11 important points NATE make about the English NC

NATE published an important response to the 2015 National Curriculum for English. The full report is here, but I have pasted in the summing up points at the end of the document as they provide both an excellent summary of the English NC, but also point out its weaknesses. The following is copied from the NATE report:

  1. The new National Curriculum for English is a thing of mixed quality.
  2. It undervalues the spoken language at Key Stages 1 and 2, and is over-concerned with formal, performance-based uses of the spoken language in the secondary years.
  3. Its approach to the initial teaching of reading and to the teaching of spelling and grammar at Key Stages 1 and 2 is based on a flawed understanding of learning in these years: one that imagines that analytical instruction is a prerequisite for competence.
  4. Its requirements for comprehension in reading at Key Stages 1 and 2 are perfectly acceptable. Those for composition in writing at Key Stages 1 and 2 usefully refer to some of the essential processes involved in writing, but say far too little about what children should write.
  5. Its requirements for reading and for writing at Key Stages 3 and 4 are broadly acceptable.
  6. The requirements on the teaching of grammar in the primary years should be more modest; those in the secondary years should more detailed and more demanding.
  7. The paucity of requirements to do with knowledge about language other than grammar is regrettable.
  8. The new orders ignore the electronic and digital means of expression and communication with which most of our children and young people are intimately familiar.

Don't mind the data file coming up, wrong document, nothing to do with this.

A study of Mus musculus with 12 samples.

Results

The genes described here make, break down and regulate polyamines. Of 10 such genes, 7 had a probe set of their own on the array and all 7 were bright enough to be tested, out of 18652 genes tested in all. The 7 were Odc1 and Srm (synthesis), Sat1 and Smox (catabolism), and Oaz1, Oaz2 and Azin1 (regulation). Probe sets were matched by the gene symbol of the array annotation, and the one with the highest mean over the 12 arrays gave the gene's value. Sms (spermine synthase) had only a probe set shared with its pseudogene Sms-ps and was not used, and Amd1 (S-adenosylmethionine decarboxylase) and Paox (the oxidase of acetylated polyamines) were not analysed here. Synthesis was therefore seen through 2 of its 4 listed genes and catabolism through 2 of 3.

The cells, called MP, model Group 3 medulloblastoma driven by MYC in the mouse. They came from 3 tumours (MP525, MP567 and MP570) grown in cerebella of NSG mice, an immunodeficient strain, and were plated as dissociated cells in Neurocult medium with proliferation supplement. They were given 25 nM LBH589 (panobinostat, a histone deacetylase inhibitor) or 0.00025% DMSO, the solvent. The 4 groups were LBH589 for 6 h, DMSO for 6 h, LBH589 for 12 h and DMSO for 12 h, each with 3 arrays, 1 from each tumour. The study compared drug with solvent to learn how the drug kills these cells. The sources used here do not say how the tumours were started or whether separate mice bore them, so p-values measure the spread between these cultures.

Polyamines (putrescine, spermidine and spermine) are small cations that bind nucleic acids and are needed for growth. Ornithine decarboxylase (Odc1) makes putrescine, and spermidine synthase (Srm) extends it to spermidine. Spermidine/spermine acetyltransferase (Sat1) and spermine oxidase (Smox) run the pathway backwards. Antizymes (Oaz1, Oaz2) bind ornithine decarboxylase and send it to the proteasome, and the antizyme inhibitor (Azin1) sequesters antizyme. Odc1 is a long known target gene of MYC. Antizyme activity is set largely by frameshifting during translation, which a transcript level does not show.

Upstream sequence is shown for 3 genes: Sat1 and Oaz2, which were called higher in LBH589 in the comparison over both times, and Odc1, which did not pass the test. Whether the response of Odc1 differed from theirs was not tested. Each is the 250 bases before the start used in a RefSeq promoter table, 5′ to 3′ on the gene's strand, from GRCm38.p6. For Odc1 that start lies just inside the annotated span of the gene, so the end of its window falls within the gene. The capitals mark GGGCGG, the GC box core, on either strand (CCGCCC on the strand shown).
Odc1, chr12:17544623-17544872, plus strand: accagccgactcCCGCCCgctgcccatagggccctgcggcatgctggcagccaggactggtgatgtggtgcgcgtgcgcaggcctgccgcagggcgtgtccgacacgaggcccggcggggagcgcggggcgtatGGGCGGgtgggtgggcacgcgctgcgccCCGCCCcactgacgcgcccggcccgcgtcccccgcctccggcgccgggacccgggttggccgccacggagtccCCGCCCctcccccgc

9. They have abolished any reference to media education. These are major omissions.
  10. The requirements for drama, whether as a part of English, as a learning medium across the curriculum, or as a freestanding subject, are inadequate.
  11. At some point, there will have to be further revision of the orders, to deal with those parts of it which will be seen to be unworkable.

Francis Gilbert is a Lecturer in Education at Goldsmiths, University of London, teaching on the PGCE Secondary English programme. He also teaches the Creative Writing module on the MA in Children’s Literature, which is run by Maggie Pitfield and Professor Michael Rosen. Previously, he worked for a quarter of a century in various English state schools teaching English and Media Studies to 11-18 year olds. He has, at times, moonlighted as a journalist, novelist and social commentator. He is the author of ‘Teacher On The Run’, ‘Yob Nation’, ‘Parent Power’, ‘Working The System -- How To Get The Very Best State Education for Your Child’, and a novel about school, ‘The Last Day Of Term’. His first book, ‘I'm A Teacher, Get Me Out Of Here’ was a big hit, becoming a bestseller and being serialised on Radio 4. In his role as an English teacher, he has taught many classic texts over the years and has developed a great many resources to assist readers with understanding, appreciating and responding to them both analytically and creatively. This led him to set up his own small publishing company FGI Publishing (fgipublishing.com) which has published his study guides as well as a number of books by other authors, including Roger Titcombe’s ‘Learning Matters’ and anthology of creative writing 'The Gold Room'. He is the co-founder, with Melissa Benn and Fiona Millar, of The Local Schools Network, www.localschoolsnetwork.org.uk, a blog that celebrates non-selective state schools, and has his own website, www.francisgilbert.co.uk. He has appeared numerous times on radio and TV, including Newsnight, the Today Programme, Woman’s Hour and the Russell Brand Show. In June 2015, he was awarded a PhD in Creative Writing and Education by Goldsmiths.
This entry was posted in 3 Good subject knowledge, National Curriculum, Reading, Spoken English, Uncategorized, Writing and tagged , , , , , . Bookmark the permalink.